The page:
I stopped this past week at an auto shop on Broadway to get my state inspection renewed. There was a helpful woman behind the counter, and as I waited, we started to chat. It seems every conversation these past six months has some touch of Ike, some mention of what was lost, changed, flooded, rebuilt, FEMAed. This conversation started innocently, noting the water mark still visible a few feet up the wall of the otherwise now-normal shop.
Then the conversation drifted. She and her family rode out the storm. They thought they were safe, perched up atop a hill above 10 ft., in a neighborhood not far from 61st and S streets. They stocked supplies, parked their vehicles on high ground, anxiously watched the news. She and her husband sat in their living room, watching through a window as the world around them went aquatic. At midnight, their pets jumped atop the sofa, and that was the sign the water had reached the foot of their house. Shouts soon followed, from panicked neighbors whose homes weren’t on a hill. A wet, dark and dangerous rescue commenced, with ropes strung between houses, a floating tire doubling as a life raft. They swam and struggled for more than an hour in the surging water, in the dark, winds howling menacingly around them.
They collected all those they could, old and young, and perched them in their home. But the water kept coming, and soon it was pouring in the window. An attic offered the last place of refuge, but a precarious one, putting only a sheet of plywood and a few singles, inches from their heads, between them and the storm’s fiercest winds. The water kept rising, the doorknob on their front door serving as a marker, them focused on it, waiting for a sign that the water had started going down, waiting for the winds to stop roaring. The fridge floats by, their home is destroyed, but they’re alive, and that’s what matters.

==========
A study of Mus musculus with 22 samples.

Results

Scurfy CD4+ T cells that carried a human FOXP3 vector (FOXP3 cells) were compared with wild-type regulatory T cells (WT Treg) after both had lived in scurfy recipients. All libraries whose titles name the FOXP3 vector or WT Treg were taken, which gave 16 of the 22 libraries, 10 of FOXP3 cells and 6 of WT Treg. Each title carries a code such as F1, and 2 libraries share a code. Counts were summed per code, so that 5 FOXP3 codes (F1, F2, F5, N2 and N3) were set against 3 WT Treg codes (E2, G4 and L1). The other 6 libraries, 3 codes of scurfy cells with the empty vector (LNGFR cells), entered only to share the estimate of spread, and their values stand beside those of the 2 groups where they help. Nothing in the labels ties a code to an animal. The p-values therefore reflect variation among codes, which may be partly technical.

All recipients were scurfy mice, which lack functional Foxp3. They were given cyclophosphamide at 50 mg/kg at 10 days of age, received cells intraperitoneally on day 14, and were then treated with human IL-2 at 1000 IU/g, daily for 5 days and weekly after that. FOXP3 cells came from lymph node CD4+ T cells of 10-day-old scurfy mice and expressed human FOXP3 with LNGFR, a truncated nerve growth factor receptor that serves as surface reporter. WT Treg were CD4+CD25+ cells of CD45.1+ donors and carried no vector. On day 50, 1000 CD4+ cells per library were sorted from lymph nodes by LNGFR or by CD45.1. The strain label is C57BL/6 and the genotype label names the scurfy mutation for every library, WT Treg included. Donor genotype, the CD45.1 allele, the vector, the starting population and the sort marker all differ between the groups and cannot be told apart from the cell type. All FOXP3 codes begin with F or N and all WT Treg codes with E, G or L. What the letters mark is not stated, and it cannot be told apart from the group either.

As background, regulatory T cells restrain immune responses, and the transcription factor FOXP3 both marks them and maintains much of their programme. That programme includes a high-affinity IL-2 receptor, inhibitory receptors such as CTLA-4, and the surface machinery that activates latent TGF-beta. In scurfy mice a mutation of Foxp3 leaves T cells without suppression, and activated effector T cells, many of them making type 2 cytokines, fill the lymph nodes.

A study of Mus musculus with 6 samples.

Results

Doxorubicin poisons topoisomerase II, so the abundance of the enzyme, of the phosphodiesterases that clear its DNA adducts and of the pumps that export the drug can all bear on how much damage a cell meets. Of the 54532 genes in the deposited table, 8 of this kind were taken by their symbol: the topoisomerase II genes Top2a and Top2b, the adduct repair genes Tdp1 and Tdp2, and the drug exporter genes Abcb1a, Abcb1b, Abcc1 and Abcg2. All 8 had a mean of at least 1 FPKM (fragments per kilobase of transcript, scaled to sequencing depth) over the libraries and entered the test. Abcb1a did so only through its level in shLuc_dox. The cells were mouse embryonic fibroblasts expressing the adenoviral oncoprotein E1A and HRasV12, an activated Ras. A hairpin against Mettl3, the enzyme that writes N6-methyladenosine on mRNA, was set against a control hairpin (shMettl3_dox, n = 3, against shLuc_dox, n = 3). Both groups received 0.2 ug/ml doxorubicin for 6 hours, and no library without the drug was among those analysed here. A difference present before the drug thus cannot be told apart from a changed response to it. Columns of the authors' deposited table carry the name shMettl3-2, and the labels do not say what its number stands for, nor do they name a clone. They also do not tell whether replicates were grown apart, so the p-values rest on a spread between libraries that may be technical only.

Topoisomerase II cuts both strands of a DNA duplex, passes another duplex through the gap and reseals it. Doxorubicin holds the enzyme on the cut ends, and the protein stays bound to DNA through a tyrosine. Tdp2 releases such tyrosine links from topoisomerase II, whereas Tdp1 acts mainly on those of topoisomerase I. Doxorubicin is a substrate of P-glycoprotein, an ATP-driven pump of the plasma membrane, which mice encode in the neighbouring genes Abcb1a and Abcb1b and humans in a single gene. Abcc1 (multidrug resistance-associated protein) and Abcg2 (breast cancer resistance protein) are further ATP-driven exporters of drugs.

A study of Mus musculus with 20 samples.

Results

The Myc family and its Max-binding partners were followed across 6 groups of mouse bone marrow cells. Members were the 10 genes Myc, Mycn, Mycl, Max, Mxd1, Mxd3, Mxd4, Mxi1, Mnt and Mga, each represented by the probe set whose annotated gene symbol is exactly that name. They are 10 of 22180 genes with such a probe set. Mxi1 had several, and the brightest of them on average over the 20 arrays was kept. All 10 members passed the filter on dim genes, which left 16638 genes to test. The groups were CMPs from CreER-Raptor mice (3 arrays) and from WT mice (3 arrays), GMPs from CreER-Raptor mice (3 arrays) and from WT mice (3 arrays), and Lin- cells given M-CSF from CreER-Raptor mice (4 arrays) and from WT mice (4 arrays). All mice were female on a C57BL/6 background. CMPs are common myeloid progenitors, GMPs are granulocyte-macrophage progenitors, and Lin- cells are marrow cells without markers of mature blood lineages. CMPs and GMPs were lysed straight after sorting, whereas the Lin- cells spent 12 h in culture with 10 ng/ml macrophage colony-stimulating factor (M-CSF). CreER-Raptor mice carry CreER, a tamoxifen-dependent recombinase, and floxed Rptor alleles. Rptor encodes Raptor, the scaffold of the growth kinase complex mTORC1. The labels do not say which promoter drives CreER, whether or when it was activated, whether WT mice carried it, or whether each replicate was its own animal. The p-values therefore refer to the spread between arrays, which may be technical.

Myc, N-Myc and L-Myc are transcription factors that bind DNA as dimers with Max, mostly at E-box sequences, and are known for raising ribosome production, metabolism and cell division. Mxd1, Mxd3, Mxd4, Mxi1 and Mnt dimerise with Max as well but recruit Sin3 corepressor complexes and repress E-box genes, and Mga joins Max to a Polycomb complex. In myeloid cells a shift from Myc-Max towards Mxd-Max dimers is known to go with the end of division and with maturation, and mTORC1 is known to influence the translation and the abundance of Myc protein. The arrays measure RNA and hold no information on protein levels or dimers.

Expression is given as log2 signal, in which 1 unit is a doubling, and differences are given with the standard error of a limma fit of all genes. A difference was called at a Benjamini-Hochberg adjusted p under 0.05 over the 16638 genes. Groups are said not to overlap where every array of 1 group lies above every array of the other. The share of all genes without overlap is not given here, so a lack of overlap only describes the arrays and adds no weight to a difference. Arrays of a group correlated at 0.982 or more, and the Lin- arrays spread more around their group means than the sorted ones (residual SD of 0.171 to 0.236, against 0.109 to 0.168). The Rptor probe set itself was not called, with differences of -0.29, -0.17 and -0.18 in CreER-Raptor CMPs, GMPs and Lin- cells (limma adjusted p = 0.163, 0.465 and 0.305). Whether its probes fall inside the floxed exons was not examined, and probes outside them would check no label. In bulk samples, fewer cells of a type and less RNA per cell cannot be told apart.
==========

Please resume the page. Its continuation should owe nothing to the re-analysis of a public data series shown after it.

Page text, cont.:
For this woman and her family, like for so many others, Ike isn’t something that happened; it’s something that is happening. She’s still not back in her home, still was waiting on appliances, still was unsure about so much. But she was strong, as intense in her commitment to go on, as she was in the telling of her story. We connected, and I promised to come back to catch up on the next chapter in her story.
How many of these stories there must be, I thought, of heroism and compassion and survival, not ever captured by the 10 o’clock news or repeated to anyone but friends, family and an occasional interested stranger. In the rush to clean up, dry up, and rebuild, I hope these stories aren’t tucked away, too painful to relive or too tired to remember. I hope they’re shared, that they live on in our lore—stories of resilience and survival, many of them, ultimately, with happy endings.